April's most intriguing acts inspire a certain amount of deja vu. Sonic Youth's Thurston Moore is giving fans a glimpse of his old, ragged fury with his new project, Chelsea Light Moving, while Fleetwood Mac will retrace the well-worn steps of its landmark album, "Rumors," for a new audience. But there's something terrifically fresh about Los Angeles pop act Rhye, even if it does sound an awful lot like Sade.

Check out music from these acts, then get tickets to their upcoming shows.

For weeks last fall, as Rhye blazed from obscurity to one of the most-watched new acts in music, critics surmised that it was a woman on the microphone this soul-meets-electronica project, not a slight, hoodie-clad man. Indeed, singer and producer Mike Milosh sounds uncannily like Sade when he coos over Rhye's downtempo snare cracks, though he and producer Robin Hannibal might be teasing their fans a bit: The band takes pains not to be photographed, and even performed a Los Angeles show in near darkness.

Likelihood of a sell-out: Extremely high. It's a shame that much of the fixation with Rhye has revolved around sexual ambiguity, because it's "Woman," the group's debut album released this month, that warrants the hype. The pleading, occasionally mournful pop album is made for 4 a.m. listens over bottles of wine.
April 18 at the Sixth & I Historic Synagogue.  www.sixthandi.org. $20.


Carolina Chocolate Drops
The Drops, prodigious instrumentalists from Durham, N.C., plink out notes on instruments ranging from banjos to jugs and rib bones, all in the name of exhuming the tunes and musical traditions of the black South.

HANDOUT IMAGE: Carolina Chocolate Drops will perform in the Washington, DC area. Image provided by Nonesuch Publicity. (Photo by Crackerfarm) Carolina Chocolate Drops perform at the Birchmere on April 3. (Photo by Crackerfarm)

Likelihood of a sellout: Medium. With one Grammy under its belt (a traditional folk album nod for 2010's "Genuine Negro Jig") and a nomination this year for best folk album, the group has critics in its corner.
April 3 at the Birchmere. www.birchmere.com. $25.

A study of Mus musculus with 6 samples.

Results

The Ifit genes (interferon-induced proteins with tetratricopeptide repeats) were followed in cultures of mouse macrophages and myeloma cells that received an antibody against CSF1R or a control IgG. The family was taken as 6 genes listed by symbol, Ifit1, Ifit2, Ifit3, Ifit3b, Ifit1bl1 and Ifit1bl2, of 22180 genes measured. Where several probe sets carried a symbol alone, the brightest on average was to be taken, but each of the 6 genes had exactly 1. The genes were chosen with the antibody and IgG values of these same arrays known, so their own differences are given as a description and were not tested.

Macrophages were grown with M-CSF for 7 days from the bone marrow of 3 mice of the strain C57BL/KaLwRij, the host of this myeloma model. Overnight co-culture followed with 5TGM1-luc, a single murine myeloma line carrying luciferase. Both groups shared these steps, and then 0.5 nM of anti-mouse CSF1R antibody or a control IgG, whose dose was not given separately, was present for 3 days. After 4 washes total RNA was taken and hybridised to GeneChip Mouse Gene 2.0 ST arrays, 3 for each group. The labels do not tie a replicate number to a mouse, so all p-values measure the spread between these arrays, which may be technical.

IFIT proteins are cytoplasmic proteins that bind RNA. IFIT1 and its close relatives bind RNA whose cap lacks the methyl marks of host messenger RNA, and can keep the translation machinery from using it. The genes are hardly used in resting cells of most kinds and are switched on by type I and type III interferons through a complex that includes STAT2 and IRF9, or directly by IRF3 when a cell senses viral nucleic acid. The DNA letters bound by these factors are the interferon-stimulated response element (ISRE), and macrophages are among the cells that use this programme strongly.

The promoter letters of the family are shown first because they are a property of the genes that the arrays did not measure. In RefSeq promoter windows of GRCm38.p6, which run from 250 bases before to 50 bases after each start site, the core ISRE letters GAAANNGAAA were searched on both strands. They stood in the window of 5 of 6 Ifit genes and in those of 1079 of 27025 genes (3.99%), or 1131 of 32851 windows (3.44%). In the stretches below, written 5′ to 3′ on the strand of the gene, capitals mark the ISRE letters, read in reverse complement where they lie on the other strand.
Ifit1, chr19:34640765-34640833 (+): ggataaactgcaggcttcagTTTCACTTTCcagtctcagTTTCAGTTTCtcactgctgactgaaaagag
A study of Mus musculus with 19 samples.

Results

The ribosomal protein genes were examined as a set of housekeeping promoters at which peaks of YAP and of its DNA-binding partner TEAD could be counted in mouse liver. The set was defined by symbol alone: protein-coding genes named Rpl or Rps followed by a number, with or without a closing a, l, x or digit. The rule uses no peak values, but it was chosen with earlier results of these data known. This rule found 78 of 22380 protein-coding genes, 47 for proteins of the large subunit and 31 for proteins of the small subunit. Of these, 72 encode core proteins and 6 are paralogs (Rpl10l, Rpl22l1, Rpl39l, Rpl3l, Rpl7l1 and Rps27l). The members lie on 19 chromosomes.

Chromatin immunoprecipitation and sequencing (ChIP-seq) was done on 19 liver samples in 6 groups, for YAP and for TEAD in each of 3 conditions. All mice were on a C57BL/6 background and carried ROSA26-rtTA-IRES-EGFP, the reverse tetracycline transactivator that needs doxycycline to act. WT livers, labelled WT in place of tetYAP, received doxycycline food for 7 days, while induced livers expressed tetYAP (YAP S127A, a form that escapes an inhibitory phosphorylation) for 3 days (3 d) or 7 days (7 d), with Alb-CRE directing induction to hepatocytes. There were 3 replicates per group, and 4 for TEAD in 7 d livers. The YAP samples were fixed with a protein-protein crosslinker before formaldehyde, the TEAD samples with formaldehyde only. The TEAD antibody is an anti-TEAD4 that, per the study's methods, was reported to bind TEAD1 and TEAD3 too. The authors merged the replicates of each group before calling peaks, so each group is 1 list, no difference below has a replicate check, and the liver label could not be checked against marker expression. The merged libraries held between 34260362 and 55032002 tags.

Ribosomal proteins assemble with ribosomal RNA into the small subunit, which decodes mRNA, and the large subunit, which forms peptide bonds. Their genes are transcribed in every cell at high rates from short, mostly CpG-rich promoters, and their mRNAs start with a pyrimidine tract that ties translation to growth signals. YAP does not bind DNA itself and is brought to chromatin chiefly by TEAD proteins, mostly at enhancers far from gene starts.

Fleetwood Mac

Three years have passed since Fleetwood Mac's last tour, but Mick, Lindsey, John and Stevie have been keeping the fires burning even without new material. For this tour, they've re-issued "Rumours," which spawned their most memorable hits.

Likelihood of a sellout: Low. But effusive endorsements and high-profile duets with Taylor Swift and the Foo Fighters' Dave Grohl in recent months have introduced legions of new fans to such songs as "Dreams" and "Landslide." So don't be surprised if you see a fair number of young faces, particularly bohemian Stevie fans, flooding the Verizon Center show.
April 9 at Verizon Center. www.verizoncenter.com. $49.50-$149.50.


Chelsea Light Moving
Thurston Moore, Sonic Youth's shaggy-haired godfather of post-punk, has gone solo before, notably on albums "Psychic Hearts" and "Trees Outside the Academy." But with Chelsea Light Moving, he's back with a band to churn out discordant rock that sounds,
well, a lot like early Sonic Youth.

Likelihood of a sellout: High. Sonic Youth can sell out multiple dates at bigger venues, and Chelsea Light Moving is riding high after whirlwind shows at South by Southwest, so get your tickets soon.
April 4 at Black Cat.  www.blackcatdc.com. $15 in advance, $17 at the door.


Hugh Masekela
After nearly six decades in music, South African trumpeter and band leader Masekela remains a firecracker in world jazz and a champion of his homeland. After a visit to Washington last fall for a run of "Songs of Migration," his storytelling-meets-dance-meets-music production, Masekela is returning to Lisner for a more straightforward concert, sure to feature his international hits.

Likelihood of a sellout: Medium. Masekela is a regular in Washington, but for those rediscovering Afrobeat artists such as Fela Kuti, this concert is a way to experience its close cousin, Afro-jazz.
April 12 at George Washington University's Lisner Auditorium.  www.lisner.org. $30-$45.


Empty Mansions
With Interpol on an extended hiatus, drummer Sam Fogarino is embracing his rollicking, grungy side as Empty Mansions, a project that strays as far as possible from Interpol's slick nihilism. Instead, Fogarino, with Jesus Lizard's Duane Denison on guitar, grinds and gallops in this buoyant throwback to the lo-fi days of Sonic Youth and Sebadoh.

Likelihood of a sell-out: Medium. Influential music blog Brooklyn Vegan is hosting this showcase at DC9, which already portends big things for Empty Mansions. The group's new album, "snakes/vultures/sulfate," comes out in less than a week.
April 24 at DC9. www.dcnine.com. $10.